Money·3 min read

Kristy Shen Retired in Her 30s. Here Are Her Top FIRE Tips.

Free Advice Kristy Shen headshot
June 16, 2023

Kristy Shen retired in her early 30s. Now, she and her husband, Bryce Leung, travel the world. We spoke to the co-author of “Quit Like a Millionaire,” about being a follower of the ‘financial independence, retire early’ (FIRE) movement. She shared advice on everything from investing to figuring out health insurance to saving $$$ money while living abroad. Her answers have been edited and condensed for clarity.

Why are index funds so popular with FIRE adherents? Should people interested in FIRE avoid investments like crypto or real estate? 

Especially when people are investing in the very beginning, they're mostly looking for a quick win. To them, it’s about getting the biggest return in the shortest amount of time. But that’s very short-sighted. What happened with crypto? Bitcoin went from over $60,000 all the way down to below $20,000. 

You can make money with real estate investing. People confuse real estate investing with buying their primary residence, but the difference is that a primary residence doesn’t generate passive income. People wait for their home to appreciate, and then they sell. The problem with that is knowing when to get out of the market — it’s the same with Bitcoin. 

Successful long-term investing is not about predicting when to sell and when to buy. It's about getting in, holding it, and then getting passive income. That’s one of the reasons why we do index investing.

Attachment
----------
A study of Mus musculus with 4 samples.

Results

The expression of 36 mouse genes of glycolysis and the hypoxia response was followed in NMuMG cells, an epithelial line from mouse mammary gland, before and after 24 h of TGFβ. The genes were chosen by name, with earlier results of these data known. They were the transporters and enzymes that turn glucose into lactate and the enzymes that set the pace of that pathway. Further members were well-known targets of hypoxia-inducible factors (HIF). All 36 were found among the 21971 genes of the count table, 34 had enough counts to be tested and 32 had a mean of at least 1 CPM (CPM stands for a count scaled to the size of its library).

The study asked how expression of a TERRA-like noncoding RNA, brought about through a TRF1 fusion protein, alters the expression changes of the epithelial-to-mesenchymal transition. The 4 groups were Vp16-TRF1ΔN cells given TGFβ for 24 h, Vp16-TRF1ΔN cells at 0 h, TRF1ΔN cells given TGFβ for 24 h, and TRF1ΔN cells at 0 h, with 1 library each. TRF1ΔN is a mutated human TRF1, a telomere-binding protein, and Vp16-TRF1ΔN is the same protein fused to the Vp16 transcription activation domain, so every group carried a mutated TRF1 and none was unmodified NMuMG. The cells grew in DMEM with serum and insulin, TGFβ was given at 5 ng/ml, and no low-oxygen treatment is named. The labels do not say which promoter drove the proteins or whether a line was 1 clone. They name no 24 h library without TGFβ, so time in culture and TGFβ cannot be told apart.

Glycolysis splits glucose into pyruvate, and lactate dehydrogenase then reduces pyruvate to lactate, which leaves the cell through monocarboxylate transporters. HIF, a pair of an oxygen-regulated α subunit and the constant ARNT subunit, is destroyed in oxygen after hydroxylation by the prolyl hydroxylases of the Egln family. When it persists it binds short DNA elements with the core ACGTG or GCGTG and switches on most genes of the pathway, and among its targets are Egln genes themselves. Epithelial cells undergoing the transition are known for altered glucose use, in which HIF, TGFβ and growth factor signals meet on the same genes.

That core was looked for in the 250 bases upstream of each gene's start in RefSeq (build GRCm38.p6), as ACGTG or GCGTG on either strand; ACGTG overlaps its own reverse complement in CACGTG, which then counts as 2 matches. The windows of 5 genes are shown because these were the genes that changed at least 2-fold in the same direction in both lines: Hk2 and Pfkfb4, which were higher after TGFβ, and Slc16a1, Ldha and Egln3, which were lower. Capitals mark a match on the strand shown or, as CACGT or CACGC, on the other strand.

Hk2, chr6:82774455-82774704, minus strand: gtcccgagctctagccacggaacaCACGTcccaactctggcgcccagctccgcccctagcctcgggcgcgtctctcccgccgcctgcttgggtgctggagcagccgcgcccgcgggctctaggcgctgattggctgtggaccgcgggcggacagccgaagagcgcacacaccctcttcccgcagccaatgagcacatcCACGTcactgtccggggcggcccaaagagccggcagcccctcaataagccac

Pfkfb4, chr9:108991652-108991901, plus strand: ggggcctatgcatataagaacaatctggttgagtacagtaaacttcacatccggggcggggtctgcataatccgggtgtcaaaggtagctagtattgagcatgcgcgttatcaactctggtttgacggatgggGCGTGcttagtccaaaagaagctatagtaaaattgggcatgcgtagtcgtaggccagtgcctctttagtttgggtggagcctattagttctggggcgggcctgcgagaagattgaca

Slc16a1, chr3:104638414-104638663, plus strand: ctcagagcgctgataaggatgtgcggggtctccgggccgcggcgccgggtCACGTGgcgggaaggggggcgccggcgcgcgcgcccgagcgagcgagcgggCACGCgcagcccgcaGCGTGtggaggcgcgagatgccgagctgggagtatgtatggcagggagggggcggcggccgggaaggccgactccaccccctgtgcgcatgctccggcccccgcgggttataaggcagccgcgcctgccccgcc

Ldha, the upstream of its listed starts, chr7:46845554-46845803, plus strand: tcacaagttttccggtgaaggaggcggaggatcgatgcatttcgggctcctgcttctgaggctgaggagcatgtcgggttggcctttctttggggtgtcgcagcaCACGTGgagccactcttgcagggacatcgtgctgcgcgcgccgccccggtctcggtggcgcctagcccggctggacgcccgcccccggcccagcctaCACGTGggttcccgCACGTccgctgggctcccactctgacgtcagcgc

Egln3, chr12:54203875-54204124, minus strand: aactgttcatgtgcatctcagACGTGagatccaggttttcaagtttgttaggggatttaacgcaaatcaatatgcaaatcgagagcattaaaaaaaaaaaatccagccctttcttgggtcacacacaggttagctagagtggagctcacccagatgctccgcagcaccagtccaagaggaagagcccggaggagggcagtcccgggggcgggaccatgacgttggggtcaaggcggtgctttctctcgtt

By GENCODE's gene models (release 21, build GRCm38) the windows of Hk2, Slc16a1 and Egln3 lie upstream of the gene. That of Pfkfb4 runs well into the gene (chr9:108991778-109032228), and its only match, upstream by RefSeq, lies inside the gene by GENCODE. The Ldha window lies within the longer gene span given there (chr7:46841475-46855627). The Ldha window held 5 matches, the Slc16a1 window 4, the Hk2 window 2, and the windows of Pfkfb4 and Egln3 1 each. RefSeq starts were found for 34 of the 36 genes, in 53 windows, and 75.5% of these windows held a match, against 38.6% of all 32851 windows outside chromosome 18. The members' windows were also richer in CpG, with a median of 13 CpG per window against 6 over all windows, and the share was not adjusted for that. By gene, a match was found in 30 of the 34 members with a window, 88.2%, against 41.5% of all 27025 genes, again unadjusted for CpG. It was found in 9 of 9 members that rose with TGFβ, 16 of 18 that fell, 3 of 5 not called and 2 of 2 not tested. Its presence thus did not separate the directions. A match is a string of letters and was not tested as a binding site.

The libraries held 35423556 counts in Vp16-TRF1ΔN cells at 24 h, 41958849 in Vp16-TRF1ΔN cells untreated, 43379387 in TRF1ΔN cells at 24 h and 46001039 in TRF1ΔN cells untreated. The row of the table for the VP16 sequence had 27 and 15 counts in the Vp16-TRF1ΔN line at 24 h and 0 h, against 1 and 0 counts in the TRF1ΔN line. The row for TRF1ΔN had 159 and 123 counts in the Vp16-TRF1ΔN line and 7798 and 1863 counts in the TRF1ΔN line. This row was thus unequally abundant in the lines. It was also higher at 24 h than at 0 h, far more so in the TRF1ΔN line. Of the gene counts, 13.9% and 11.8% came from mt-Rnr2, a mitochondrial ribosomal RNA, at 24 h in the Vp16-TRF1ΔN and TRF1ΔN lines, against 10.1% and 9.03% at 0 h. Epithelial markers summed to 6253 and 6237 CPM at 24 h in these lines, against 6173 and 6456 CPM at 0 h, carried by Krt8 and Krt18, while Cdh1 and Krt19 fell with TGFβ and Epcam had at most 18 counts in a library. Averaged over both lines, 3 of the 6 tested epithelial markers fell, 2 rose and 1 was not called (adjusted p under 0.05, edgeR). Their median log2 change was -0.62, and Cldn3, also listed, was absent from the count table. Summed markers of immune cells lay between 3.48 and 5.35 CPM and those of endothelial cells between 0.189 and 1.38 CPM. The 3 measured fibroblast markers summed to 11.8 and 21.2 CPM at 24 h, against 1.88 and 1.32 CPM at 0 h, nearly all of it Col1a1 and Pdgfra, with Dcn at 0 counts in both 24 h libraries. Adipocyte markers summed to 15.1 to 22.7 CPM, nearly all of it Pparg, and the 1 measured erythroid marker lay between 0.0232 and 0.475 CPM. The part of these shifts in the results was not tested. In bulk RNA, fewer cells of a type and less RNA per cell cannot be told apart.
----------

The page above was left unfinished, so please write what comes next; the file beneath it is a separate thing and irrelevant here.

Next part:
Could you tell us about geographic arbitrage? Why do people who follow FIRE use it?

I believe this term came from Tim Ferriss’s "4-Hour Workweek." Here’s an example: If you work in New York and have a remote job, you can earn a high salary in USD. Then, you take that salary to a place where the currency isn’t as strong — and your money will go a lot further.

After the pandemic, the idea of digital nomadism and remote work became a lot more mainstream. It makes sense to take advantage of geographic arbitrage to get to early retirement faster. 

How do you deal with health expenses when you participate in FIRE?

We initially bought health insurance from a company called IMG. Recently, we switched to SafetyWing. They provide insurance for digital nomads. I think we spent no more than $150 for two people, and the coverage was for up to $1,000,000. 

In terms of health care needs for an emergency, you’ll want ex-pat insurance if you're living a nomadic life. My husband had a really bad rash when he was in Germany, and then we went to Malta to see a doctor. They basically just waived the fee, because we said we're not European citizens — they were like, “Ah, forget about it.”

The cost of health care outside of the US is not nearly as scary as some people think it is. You just need to mitigate emergency expenses with ex-pat insurance, which is not that expensive.